In the midst of the turmoil currently gripping Israel, a well-known Israeli chef called to tell me something very hopeful: A group of his Jewish and Arab-Israeli colleagues were gathering to prepare a joint meal in one of the villages near Haifa where disturbances have occurred. “We have worked so often together that we have built strong human relationships with each other,” he told me. “We can’t go back.”
I felt a sense of relief. It kept alive a dream I have had that Jews and Arabs can share the bounty of this land that they both claim.
I first went to Israel at the impressionable age of 26. There I worked as foreign press attache to the former mayor of the city of Jerusalem, Teddy Kollek. It was my enviable task to learn about the city, the conflicts that threatened to tear it apart and the common threads that make it a great city. It was also at that time that I learned about food as a bridge between cultures and as a link to our past.
To this day, whenever I go to Israel, I am constantly transporting myself, like a child playing make-believe, back to the gastronomic roots of Judaism, Christianity and Islam. The first time this happened was during a wonderful week spent in the sand dunes of the Sinai 30 years ago, where Bedouins continue to live much as the nomadic Israelites did when they were wandering the desert. I couldn’t help imagining myself as part of that ancient culture, sharing the stew that Sarah prepared for Abraham or the pottage of lentils that Jacob gave to his brothe1914717555 As I returned to Jerusalem after that week, layers of civilization and thousands of years unwound before me like a newsreel at each fork in the road. Through culinary haunts one can uncover the enormously exciting story of how these pioneers transformed a harsh land to one bursting with new produce and culture.
In the past five years, I have visited Jewish Israeli home cooks of Moroccan, Libyan and Iraqi backgrounds who may not be able to read and write but, using their hands to measure the heat near the stove, manage to turn out their crusty breads and delicious cookies. I have sat on the floor in Druze, Syrian Alawite and Kurdish kitchens, molding kibbeh : torpedo-shaped dumplings made of bulgur to be put either into soupy, lemony stews or deep-fried as finger food for weddings and other feasts. I have visited Palestinian villages where I have tasted sun-kissed figs plucked straight from the trees and Israeli-Arab villages where celebratory pancakes are baked in a tabun oven set into the earth and served stuffed with candied sesame seeds.
I have found falafel and hummus in tiny haunts throughout the country. And I have also tasted sophisticated modern dishes-- foie gras with tamarind sauce, even a luscious double-chocolate challah made at a New Age bakery with techniques learned abroad and brought back to Israel.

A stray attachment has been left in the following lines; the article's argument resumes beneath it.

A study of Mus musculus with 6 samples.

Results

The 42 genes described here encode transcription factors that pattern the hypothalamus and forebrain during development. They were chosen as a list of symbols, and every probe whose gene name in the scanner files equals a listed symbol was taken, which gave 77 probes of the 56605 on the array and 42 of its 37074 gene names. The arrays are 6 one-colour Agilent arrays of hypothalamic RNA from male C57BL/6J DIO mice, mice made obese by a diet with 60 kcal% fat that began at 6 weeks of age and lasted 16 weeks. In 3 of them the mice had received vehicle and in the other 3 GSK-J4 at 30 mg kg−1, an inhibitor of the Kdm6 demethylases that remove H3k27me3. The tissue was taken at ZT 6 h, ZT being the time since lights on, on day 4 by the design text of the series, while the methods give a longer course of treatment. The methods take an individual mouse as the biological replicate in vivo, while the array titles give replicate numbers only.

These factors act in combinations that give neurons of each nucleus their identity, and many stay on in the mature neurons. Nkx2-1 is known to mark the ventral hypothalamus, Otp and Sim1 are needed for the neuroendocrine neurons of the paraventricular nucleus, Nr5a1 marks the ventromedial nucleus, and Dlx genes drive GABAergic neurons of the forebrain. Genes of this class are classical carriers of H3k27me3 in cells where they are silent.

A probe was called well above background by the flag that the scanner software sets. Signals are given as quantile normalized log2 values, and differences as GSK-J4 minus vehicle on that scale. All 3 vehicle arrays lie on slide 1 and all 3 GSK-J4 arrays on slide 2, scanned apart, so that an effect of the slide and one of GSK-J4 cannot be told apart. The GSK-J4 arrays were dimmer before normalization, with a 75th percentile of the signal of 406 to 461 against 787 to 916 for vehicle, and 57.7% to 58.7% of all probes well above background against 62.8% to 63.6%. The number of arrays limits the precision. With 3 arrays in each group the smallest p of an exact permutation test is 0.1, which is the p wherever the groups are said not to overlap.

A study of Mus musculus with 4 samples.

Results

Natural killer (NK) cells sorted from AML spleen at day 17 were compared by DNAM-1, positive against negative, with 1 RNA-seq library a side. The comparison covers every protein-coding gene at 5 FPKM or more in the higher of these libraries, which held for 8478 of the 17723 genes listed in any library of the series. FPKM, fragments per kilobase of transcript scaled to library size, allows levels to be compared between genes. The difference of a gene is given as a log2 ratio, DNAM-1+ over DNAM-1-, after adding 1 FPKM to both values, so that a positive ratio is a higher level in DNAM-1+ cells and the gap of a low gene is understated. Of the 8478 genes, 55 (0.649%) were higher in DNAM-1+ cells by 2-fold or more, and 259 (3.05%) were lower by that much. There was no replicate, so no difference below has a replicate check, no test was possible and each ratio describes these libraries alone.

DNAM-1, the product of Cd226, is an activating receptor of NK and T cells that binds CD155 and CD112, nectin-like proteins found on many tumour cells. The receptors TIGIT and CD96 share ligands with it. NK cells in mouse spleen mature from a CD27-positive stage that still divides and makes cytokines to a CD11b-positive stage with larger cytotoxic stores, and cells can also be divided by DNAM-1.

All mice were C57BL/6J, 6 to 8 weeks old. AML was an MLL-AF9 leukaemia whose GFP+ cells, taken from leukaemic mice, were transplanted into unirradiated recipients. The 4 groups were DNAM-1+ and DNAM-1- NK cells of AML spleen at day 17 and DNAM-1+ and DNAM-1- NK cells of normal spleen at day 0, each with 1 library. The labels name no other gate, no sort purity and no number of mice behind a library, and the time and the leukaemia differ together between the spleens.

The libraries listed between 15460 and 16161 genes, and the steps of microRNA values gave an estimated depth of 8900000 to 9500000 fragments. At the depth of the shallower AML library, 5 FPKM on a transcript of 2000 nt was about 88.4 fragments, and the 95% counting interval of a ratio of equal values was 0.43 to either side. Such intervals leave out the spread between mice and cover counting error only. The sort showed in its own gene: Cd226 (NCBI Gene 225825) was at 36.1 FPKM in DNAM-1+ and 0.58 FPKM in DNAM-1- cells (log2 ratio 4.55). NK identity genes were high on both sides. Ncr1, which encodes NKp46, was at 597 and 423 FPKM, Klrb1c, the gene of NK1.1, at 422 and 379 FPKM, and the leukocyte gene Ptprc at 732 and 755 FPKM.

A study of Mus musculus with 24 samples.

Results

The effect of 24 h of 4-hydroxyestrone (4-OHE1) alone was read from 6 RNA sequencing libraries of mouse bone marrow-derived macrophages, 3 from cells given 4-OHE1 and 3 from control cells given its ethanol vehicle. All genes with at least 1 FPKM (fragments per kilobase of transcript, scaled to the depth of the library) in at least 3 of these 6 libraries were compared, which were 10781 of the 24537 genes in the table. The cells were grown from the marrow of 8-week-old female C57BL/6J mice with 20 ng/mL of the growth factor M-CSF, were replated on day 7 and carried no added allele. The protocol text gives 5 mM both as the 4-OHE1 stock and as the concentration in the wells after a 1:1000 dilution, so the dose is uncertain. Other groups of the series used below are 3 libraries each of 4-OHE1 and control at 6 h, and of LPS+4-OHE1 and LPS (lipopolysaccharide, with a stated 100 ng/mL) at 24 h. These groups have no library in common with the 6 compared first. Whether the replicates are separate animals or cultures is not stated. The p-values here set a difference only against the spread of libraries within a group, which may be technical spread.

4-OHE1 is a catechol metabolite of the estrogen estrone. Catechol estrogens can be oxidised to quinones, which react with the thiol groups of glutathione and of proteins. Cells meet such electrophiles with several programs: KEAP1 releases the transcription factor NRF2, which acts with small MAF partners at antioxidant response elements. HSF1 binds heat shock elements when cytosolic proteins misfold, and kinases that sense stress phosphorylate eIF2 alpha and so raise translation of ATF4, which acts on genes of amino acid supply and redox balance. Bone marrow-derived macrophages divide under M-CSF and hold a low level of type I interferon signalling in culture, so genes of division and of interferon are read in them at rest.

The food has changed tremendously in Israel in the past 10 to 15 years. Not only are there now serious innovative chefs trained in Paris and New York, but also ethnic food has reached a new popularity throughout the country in Jewish and Arab communities. People are becoming aware of the food of the land, making their own olive oil and goat cheese and producing marvelous wines.
Sadly, I could not have had those first experiences today. There is too much turmoil in the country that tears apart human relations. And so I feel especially privileged to have written my new book, “The Foods of Israel Today,” at a time when I could visit Arab villages throughout the country. Early on in my career I learned from Kollek that breaking bread is a way of breaking down political barriers.
For the past five years or so, Israeli and Arab chefs have been learning from each other in Israel. Although the times are difficult today, I take heart in all the times I have broken bread with people from all kinds of Arab backgrounds. I take heart from the many people I have interviewed and from my Israeli chef friend who, despite the disturbances, is in constant contact with Arab chefs.
When there is peace at some time in the future, these friendships will recommence. On my last trip to Israel a few months ago, I sat at lunch at a fairly new kibbutz in an oasis in the Arava Desert, a few miles from the Jordanian border. At meals people sat next to whoever came in before them.
During the height of the disturbances, an Arab worker sat next to me at breakfast. We shared our salt and pepper, passed the very fresh vegetables back and forth, sprinkled za’atar on our food, smiled, and ate together in peace.
Nathan is author of “The Foods of Israel Today” (Knopf, $40).